The number one secret to having fun and making lots of money being a dancer is location. If you ain’t happy, keep movin!
These are some of the most important factors:
1) Money. The more money there is in a club, the more bullshit rules and such I’m willing to put up with (this is otherwise articulated as the bullshit to money ratio). Money is often seasonal, with fishing/hunting seasons, golf seasons, races, conventions, bike weeks, etc, and if you like traveling at all it’s worth it to follow the money.
2) The Vibe. If you’re not happy, you’re not gonna make money, or the money that you do make won’t be worth it. It doesn’t matter if it’s the customers, the managment, the rules, or whatever that’s rubbing you the wrong way, just move the fuck on.
3) Schedule crap. Some clubs want to put you on a schedule, or they have some rules like you have to work one weekday for every weekend day or that kind of thing. A club that’s worthy of your presence won’t make these crazy demands, they’ll have a straight up system where you show up, and pay a stage fee. They might charge you more if you show up later, or you might have to show up by a certain time to be allowed to work, but they won’t try to chain you to some paper schedule. If you wanted that kind of bullshit, you’d have a job. Of course, if you’re making a grand a night you might overlook this kind of stuff.
4) Risk of being arrested. Yep, the rich white men in suits legislate what we can do with our bodies. Crazy, huh? In some cities, you can be arrested for little things like being within 6 feet of a customer or touching your own breasts. The crazier the rules, the faster the club declines towards whorehousedom. For example, in Houston a girl can get arrested for prostitution for just being within six feet (I think?) of a customer. She figures, gee, I can give a blow job for five times the money and the same risk of arrest and prostitution charge. So you have that, and when they bust a club they just come in and arrest everyone. In more rational places, the club is held responsible for your behavior. For example, in Alaska if I take a tip between my breasts the club can be fined and possibly lose their liquor liscence, but nothing will happen to me.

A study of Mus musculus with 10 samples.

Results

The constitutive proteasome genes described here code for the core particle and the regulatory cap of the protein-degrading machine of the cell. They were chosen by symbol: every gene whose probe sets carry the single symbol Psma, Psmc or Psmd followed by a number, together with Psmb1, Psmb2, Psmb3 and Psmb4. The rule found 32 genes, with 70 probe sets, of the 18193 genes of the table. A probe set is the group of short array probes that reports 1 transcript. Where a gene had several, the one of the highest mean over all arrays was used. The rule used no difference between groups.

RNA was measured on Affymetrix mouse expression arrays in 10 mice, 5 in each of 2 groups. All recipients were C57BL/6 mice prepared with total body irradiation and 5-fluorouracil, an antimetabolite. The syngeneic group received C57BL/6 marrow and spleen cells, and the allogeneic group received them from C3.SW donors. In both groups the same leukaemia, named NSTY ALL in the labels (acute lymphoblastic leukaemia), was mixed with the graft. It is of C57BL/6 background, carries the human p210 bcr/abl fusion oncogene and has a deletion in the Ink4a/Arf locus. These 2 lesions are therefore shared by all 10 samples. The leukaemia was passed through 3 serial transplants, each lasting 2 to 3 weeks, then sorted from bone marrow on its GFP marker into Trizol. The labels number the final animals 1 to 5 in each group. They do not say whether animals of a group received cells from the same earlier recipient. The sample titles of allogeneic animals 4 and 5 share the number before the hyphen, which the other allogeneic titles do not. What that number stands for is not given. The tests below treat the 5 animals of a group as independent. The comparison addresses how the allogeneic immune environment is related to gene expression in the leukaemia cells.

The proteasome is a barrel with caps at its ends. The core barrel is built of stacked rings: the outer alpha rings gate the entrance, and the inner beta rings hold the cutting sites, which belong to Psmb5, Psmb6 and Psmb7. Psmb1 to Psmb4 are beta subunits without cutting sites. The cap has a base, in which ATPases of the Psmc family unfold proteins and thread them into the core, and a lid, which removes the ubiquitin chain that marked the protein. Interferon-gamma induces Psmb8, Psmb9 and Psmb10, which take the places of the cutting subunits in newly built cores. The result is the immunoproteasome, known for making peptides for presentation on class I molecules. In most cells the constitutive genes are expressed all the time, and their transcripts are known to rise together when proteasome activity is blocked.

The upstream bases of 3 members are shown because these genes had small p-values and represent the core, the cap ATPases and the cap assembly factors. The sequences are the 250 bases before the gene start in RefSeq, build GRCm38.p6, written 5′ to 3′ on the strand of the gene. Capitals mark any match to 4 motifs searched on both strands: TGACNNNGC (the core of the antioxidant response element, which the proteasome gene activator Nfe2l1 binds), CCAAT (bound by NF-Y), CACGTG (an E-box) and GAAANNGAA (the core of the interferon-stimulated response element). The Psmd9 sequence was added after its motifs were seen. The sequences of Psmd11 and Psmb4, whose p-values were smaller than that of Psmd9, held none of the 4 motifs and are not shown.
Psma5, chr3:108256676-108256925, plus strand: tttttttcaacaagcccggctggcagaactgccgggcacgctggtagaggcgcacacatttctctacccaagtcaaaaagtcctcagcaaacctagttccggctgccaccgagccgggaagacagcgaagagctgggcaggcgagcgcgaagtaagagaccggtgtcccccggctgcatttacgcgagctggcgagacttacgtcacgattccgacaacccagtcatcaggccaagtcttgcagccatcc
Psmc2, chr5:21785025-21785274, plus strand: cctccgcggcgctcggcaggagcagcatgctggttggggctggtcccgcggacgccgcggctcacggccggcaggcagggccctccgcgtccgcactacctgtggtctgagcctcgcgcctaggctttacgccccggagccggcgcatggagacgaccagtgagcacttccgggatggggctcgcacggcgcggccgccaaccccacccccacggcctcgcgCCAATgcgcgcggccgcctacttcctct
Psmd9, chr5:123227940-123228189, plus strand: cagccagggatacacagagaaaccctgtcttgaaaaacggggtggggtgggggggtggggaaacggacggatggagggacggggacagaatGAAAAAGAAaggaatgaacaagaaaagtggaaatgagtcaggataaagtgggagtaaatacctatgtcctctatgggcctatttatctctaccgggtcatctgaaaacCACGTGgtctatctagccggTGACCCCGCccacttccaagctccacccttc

5) Rules. Conversely, you don’t want a big bouncer standing over you with a flashlight making sure you don’t break the law and fining you for the smallest infraction and scaring your customers off. There should be a happy medium, like cameras in the VIP room, or a system of mirrors or curtains so that the customer isn’t freaked out. If the customer breaks a rule, like touching you, the club should come down on the customer, not you. If there are a ton of rules about changing before every set, wearing a certain type of gown, solid shoes, selling however many drinks a night, whatever… well, some of those things you do anyway or they don’t really bother you (I mean, a rule like “no sneakers on stage” isn’t hard to follow), but if they’re bothering you and it’s putting your bullshit to money ratio outta wack, just move on.
6) Contact. For some people this might be higher up on the list… but for me this is about where it goes. In some clubs you can’t touch the customer at all and do table dances standing in front of them. In other clubs you can touch them for a few seconds at a time, or you can touch them only in certain areas. At some clubs you can touch them as much as you want, but they can’t touch you. Or they can touch your arms and outer thighs, or they can touch whatever you allow. This goes right up there with the vibe… if you ain’t comfortable with it, move on! Don’t be afraid to have different boundaries with different customers, or to have much stricter boundaries than the norm at your club.